Congratulations to our summer 2016 graduates

July 28, 2016

Congratulations to the following neuroscience students that recieved their doctoral degrees during the summer 2016 semester:






Jamie Church

Jamie Church
Advisor: Dr. Dana McTigue

Dissertation Title: Toll-like receptor 4 signaling regulates macrophage and oligodendrocyte lineage cell responses in the injured spinal cord

Jamie graduated summa cum laude as a Commonwealth Honors College Scholar with Greatest Distinction from the University of Massachusetts Amherst in 2011 with Bachelor of Science degrees in Psychology and Biology. Her undergraduate thesis work was with Dr. Jerrold Meyer examining the neurotoxic effects of MDMA in a rat model. While at UMass, she also worked in the lab of Dr. Elizabeth Jakob studying learning and memory in a jumping spider model. Jamie entered the Neuroscience Graduate Program in 2011 and has been pursuing her PhD in the laboratory of Dr. Dana McTigue investigating how the innate immune receptor toll-like receptor 4 regulates intraspinal and peripheral responses after spinal cord injury using rodent models. During her time as a graduate student Jamie has won numerous fellowships and honors, including the Distinguished University Fellowship, Preparing Future Faculty Fellowship, and Ray Travel Award, and was the president of the student-run neuroscience outreach group, NEURO, for four years. She designed and taught two original courses, one for the neuroscience major at OSU, and another for the Central Ohio Technical College Lifelong Learning Institute. Jamie has presented her work at both national and international conferences. She has one published first-author paper in the Journal of Neuroscience, one paper in review, and one paper in preparation, along with one accepted co-author review and a co-author paper in preparation. After completing her graduate work, Jamie will begin a postdoctoral position in the laboratory of Dr. Jared Schwartzer at Mount Holyoke College in South Hadley, MA, investigating immune and nervous systems interactions that influence social interaction and behavior in a mouse model.

Evan GoldsteinEvan Goldstein
Advisor: Dr. Dana McTigue

Dissertation Title: TLR4-activated microglia have divergent effects on oligodendrocyte lineage cells 

Evan graduated from Case Western Reserve University in 2010 with a BA in Biology and Psychology, and a minor in Chemistry. As an undergraduate, Evan studied the chick cochlea in Dr. Richard Hyson’s lab and studied social cognition after traumatic brain injury in Dr. Angela Ciccia’s lab. In the fall of 2010, Evan joined Dr. Dana McTigue’s lab and began studying the role of inflammation in oligodendrocyte lineage cells responses. Throughout his graduate career, Evan has presented numerous posters and talks at local and international conferences.  He has received travel awards to the International Symposium on Neural Regeneration and American Society for Neurochemistry meeting, and was awarded the Alumni Grant for Graduate Research and Scholarship from The Ohio State University.  To date, Evan has published one manuscript and is an author on two others. Additionally, two remaining manuscripts are in preparation. Upon graduation, Evan plans to pursue a post-doctoral position in a myelin lab. His interviews are ongoing.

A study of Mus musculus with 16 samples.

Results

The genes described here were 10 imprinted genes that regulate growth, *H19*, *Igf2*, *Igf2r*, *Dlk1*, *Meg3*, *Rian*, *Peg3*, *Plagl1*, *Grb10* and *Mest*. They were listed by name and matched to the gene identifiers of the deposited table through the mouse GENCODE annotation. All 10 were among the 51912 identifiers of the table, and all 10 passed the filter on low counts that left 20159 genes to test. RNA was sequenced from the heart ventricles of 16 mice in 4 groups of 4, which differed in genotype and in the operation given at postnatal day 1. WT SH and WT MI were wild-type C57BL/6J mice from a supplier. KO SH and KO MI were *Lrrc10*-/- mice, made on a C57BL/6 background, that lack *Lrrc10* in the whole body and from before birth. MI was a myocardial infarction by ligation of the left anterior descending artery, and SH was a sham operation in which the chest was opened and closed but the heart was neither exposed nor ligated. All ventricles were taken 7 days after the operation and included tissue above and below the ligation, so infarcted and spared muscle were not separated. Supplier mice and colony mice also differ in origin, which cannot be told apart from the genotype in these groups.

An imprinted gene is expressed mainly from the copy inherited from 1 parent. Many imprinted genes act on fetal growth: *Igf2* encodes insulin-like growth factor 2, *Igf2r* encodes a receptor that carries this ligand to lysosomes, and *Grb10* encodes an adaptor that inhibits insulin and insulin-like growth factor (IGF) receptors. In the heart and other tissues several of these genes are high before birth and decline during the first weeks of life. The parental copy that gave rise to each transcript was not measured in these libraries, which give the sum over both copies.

Alessandra WelkerAlessandra Welker
Advisors: Drs. Christine Beattie and Balveen Kaur

Dissertation Title: Generation, characterization, standardization and utility of a Zebrafish model of glioblastoma

Alessandra has a BA in Psychology with a concentration in Neuroscience from Colby College (Waterville, Maine), graduating in 2011. While at Colby, she worked in the laboratory of Melissa Glenn on a murine model of dietary supplementation and behavior. In her summers in Boston, she worked in the laboratories of Drs. Leonard Zon and Lee Rubin on zebrafish cancer models and in-vitro neuromuscular disease models, respectively. She joined Dr. Christine Beattie’s lab in the fall of 2011 where she developed a novel zebrafish model of glioblastoma. She also worked in the labs of Drs. Balveen Kaur and Vinay Puduvalli on this collaborative project. She has one first author paper on this subject in Disease Models and Mechanisms, with three additional papers in preparation with Drs. Beattie and Puduvalli. She had the opportunity to attend the GSA Zebrafish Meeting as well as the Zebrafish Disease Models Society Meeting, in Madison, Wisconsin and Boston, Massachusetts. She has served as the Junior and Senior representative to the Neuroscience Graduate Program Committee and chaired the IGP Career Day event. She has had the opportunity to present her research at numerous on campus venues such as OSUWMC Trainee Days, OSU Zebrameet Seminars and the OSUCCC-James Annual Scientific Meetings, as well as judge the Denman Forum and the Neuroscience Undergraduate Research Day. She is a member of the Society for Neuroscience, Zebrafish Disease Models Society (where she is the chair of the Graduate Student Committee), American Association for Cancer Research and the Society for Neuro-Oncology. After completion of her Ph.D. in Neuroscience, she will be taking a post-doctoral position at the Massachusetts General Hospital and Harvard University, studying the mechanisms that drive pediatric tumor progression and relapse using zebrafish models in the laboratory of Dr. David Langenau.